After just one session, I slept soundly and woke up feeling refreshed.

By Amy Brightfield
October 21, 2019

When you’re dealing with persistent pain, getting a bunch of needles stuck in you may not sound exactly like a way to feel better. But there is more and more evidence that suggests acupuncture—a traditional treatment in Chinese medicine that involves inserting thin needles at certain points in your body—can indeed help relieve discomfort. Research shows that acupuncture can help manage chronic pain, particularly from tension-type headaches, peripheral joint osteoarthritis, back pain, and neck issues. Ahead, you'll learn what to expect from an acupuncture treatment—and what it really feels like.

How Does Acupuncture Work?

There are a few ways that experts think acupuncture works, explains Wen Chen, Ph.D., program director at the National Center for Complementary and Integrative Health. "Acupuncture affects the tissues and nerves and may dampen pain signals to the brain," Chen says. It may also prompt your body to release chemicals that soothe pain, much like how exercising activates the production of feel-good chemicals called endorphins.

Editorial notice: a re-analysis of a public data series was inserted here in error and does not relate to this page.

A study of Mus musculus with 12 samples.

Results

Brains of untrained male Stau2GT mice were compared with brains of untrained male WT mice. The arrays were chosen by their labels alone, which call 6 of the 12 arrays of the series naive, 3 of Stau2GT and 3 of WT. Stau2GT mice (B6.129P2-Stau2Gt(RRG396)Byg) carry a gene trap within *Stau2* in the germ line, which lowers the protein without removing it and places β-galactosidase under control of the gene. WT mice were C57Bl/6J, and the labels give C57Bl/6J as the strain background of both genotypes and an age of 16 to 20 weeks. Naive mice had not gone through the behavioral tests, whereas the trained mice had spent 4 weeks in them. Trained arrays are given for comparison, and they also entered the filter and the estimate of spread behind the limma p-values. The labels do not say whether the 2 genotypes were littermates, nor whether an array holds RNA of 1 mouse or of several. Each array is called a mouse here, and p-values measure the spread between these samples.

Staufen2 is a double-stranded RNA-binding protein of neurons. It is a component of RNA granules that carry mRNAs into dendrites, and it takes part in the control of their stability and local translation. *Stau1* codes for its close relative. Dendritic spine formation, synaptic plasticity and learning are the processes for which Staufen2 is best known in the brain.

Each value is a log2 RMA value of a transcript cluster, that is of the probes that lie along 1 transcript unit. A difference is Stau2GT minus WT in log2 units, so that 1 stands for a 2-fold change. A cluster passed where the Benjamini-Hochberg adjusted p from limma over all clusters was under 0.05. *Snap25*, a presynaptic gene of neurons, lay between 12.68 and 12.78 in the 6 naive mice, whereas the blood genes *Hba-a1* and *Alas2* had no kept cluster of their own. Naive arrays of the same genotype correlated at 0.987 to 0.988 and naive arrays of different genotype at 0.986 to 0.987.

As your faithful health nut, I couldn’t ignore the evidence, so I made an appointment with Devon Greenbaum at Advanced Holistic Center in New York City to get stuck. Before my session, Greenbaum sat down to talk with me. She asked if I had any stress in my life (maybe a little, given my entire family on both sides was about to descend upon me for a big event), if I had trouble sleeping (sometimes it’s hard to shut off my brain), and where I felt discomfort (my shoulders, neck, and lower back).


Does Acupuncture Hurt?

As each needle went in, I felt a slight prick then warmth and tingling in the area. Around my ankle, I did feel more of a twinge that lasted a few minutes. Greenbaum said maybe that was a particularly sensitive spot and adjusted the needle so I was comfortable. It took her about seven minutes to insert 30 needles. (It sure didn’t feel like that many.) Then I lay there for about 30 minutes—time enough for the needles to stimulate the surrounding tissues and muscles. Later that afternoon I felt unusually spacey and tired. Greenbaum explained that after an acupuncture session— especially your first—your body is getting rid of toxins. "Fatigue is part of any healing process and a sign that the acupuncture is working," she said. That made sense: It’s like the fatigue you feel after a massage.

Even though it usually takes about six weeks of sessions to feel better, that night I slept soundly and woke up refreshed and energized. Acupuncture had already started to cool this hot health nut down. If you're interested in trying out this technique for yourself, your health care provider can recommend a state-certified acupuncturist. Also check the National Center for Complementary and Integrative Health for guidelines to figure out if an acupuncturist is reputable.